The average increase in monthly pay for workers at Japan’s 17 major electronics makers resulting from this spring’s wage negotiations is likely to fall below 7,000 yen, labor union sources said Monday.
The leaders of the Japanese Electrical, Electronic and Information Union, an influential union under the Japan Council of Metal Workers’ Unions, approved a proposal to limit this year’s demand for a raise in base salary by 500 yen per month, the sources said.
Salary increases for almost all full-time corporate workers in Japan are divided into two parts. One is a periodic increase reflecting the length of service and the other is an increase in the base wage for the average worker, typically a 35-year-old high school graduate.
Even if management at the 17 companies agree to their demand for a 500 yen raise in basic monthly wages, the resultant average pay increase — including a service length-related pay raise of roughly 6,000 yen — would be limited to less than 7,000 yen, the sources said.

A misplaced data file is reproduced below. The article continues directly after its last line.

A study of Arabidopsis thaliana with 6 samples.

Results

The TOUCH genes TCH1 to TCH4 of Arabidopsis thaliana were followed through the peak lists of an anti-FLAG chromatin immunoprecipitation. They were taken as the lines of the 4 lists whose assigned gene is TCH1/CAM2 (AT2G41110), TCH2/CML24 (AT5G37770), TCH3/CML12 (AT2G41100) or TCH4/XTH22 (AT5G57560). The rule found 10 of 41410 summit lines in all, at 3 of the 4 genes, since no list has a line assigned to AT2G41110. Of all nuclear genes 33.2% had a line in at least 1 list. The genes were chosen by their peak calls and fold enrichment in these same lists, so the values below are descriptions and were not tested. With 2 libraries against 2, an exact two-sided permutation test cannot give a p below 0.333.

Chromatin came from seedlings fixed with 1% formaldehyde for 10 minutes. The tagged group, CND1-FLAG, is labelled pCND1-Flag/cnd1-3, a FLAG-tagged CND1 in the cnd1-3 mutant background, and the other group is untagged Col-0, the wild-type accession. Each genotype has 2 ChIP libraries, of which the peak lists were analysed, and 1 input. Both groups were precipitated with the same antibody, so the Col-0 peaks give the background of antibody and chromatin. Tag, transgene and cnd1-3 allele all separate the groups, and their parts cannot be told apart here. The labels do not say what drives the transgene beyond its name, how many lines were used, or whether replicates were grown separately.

It would be the second straight year in which the increase has fallen below the previous year’s amount. Last spring, the union negotiated an average 7,800 yen raise.
The wage negotiations between the Japanese Electrical, Electronic and Information Union and the management of the 17 firms are closely monitored each year by other industries’ unions, as the union’s demands and results of their talks provide reference figures for other industries’ negotiations.
Major electronics makers have taken a beating from the recession and falling semiconductor prices, leading union leadership to approve the proposal for sharply limiting the pay raise demand.